The UK economy lost close to £15 billion last year as a result of road traffic accidents, new figures show.
According to the Department for Transport each fatality caused by a crash in 2013 cost the country £1.74 million.
The overall cost of fatal road accidents – plus those in which people where injured or property damage were caused – came to a total of £14.7 billion.
The figure includes £4.71 billion in damage to vehicles and property; £1.92 billion in loss of output; £471 million in ambulance and medical costs; £213 million in costs to the police and £139 million in admin and insurance costs.
Accident injury advice
However, the largest share of the overall cost to the economy was the £7.26 billion lost in ‘human costs’, in terms of distress to victims and their families after accidents.
Contact Accident Advice Helpline on 0800 689 0500 or 0333 500 0993 from a mobile phone if you have been injured in a road accident to find out whether you could make a car crash claim.
Although still a massive figure, the £14.7 billion cost of road accidents in 2013 was 3% lower than the amount estimated to be lost during the previous 12 months.
Rise in motorway deaths
The number of deaths on Britain’s roads last year was the lowest since records were first compiled in 1926. The 1,713 fatalities was 2% less than the figure for 2012, but there was a rise in the number of deaths on motorways, the first for eight years.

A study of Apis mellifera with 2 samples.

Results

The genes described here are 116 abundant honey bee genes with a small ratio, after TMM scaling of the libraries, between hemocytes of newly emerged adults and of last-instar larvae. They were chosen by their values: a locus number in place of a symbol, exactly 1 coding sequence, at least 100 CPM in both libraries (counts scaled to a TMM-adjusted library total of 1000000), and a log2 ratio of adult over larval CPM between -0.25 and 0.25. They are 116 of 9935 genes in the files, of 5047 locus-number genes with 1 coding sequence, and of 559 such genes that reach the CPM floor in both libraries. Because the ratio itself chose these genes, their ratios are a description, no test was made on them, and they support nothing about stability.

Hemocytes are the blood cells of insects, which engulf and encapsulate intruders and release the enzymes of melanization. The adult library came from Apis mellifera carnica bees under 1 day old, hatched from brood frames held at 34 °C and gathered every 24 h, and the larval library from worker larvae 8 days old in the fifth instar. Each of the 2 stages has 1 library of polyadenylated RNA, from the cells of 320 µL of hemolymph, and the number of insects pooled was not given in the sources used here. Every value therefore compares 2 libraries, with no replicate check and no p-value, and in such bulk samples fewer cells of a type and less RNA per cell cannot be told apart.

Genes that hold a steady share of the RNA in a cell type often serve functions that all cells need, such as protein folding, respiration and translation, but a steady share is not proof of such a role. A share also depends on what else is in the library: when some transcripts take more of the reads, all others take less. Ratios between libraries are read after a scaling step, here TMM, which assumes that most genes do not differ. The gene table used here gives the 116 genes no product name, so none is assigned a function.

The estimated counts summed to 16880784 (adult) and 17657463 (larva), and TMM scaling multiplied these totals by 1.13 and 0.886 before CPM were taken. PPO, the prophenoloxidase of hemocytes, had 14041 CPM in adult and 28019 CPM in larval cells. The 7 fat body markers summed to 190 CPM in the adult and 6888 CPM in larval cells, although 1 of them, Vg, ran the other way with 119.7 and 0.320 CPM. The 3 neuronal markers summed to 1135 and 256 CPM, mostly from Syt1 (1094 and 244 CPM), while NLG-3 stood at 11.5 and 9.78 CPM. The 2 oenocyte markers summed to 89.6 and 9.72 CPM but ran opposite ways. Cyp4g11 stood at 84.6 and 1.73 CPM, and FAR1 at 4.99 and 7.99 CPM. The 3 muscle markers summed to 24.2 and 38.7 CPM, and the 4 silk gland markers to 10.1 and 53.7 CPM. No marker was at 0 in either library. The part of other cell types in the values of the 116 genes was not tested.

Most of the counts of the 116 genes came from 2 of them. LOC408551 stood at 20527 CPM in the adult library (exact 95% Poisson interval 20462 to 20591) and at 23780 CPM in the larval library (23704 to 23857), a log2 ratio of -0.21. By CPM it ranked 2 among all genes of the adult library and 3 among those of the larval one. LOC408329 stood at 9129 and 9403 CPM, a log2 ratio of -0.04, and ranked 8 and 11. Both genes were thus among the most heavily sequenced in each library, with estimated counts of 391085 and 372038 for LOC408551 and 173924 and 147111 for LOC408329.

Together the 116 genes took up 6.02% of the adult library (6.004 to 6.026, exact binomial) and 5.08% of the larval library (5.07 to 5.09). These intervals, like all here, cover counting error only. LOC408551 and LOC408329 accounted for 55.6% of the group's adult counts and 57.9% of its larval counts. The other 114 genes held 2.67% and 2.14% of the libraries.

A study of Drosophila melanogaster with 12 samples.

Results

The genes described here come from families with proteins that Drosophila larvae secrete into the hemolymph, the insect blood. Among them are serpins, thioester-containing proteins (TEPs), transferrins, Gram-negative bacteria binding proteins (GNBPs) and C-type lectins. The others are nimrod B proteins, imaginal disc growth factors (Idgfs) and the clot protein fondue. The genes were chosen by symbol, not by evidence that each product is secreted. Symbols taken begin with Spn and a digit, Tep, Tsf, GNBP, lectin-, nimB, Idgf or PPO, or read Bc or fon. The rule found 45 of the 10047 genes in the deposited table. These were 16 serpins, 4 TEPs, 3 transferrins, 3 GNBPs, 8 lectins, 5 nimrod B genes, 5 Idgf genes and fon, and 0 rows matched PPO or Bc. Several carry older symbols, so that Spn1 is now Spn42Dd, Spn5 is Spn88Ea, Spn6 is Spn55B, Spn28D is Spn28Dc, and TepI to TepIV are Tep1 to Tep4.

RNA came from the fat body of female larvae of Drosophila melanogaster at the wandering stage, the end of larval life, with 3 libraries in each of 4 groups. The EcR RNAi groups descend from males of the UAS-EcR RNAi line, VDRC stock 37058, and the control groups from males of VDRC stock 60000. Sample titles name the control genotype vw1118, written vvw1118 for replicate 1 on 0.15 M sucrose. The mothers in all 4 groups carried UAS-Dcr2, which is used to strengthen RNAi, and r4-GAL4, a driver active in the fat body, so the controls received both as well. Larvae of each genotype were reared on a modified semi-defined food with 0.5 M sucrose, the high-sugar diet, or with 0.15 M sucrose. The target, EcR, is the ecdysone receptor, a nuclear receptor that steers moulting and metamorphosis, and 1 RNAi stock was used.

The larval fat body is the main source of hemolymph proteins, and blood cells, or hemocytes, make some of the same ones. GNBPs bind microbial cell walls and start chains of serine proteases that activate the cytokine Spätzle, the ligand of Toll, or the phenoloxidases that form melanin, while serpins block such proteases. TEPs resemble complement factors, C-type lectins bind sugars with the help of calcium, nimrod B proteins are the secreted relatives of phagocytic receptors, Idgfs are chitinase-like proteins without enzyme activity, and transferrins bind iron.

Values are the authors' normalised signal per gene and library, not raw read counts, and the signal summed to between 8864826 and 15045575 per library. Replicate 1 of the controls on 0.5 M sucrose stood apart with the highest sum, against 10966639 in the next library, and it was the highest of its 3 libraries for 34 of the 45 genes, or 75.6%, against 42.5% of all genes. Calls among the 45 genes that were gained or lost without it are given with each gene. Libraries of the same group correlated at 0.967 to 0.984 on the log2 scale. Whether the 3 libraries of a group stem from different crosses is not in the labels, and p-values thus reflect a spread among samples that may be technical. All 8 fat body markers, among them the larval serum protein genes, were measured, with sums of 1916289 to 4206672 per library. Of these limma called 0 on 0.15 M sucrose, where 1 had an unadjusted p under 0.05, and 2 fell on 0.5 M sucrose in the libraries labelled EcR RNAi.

Edmund King, the president of the AA believes rising volumes of traffic are only part of the explanation for the increase. He says it is vital that the motoring industry discovers what other factors had a negative effect on motorway safety.
There is also a significant problem with accidents involving motorcycles, according to Neil Greig, the director of policy research for the Institute of Advanced Motorists (IAM).
He says more rider training is needed to improve their skills and change their attitudes to prevent deaths and serious injuries.
The road safety charity Brake says the number of deaths is not falling fast enough for its liking. Its deputy chief executive, Julie Townsend, says the only acceptable number of deaths on UK roads is none at all and the country is decades away from that.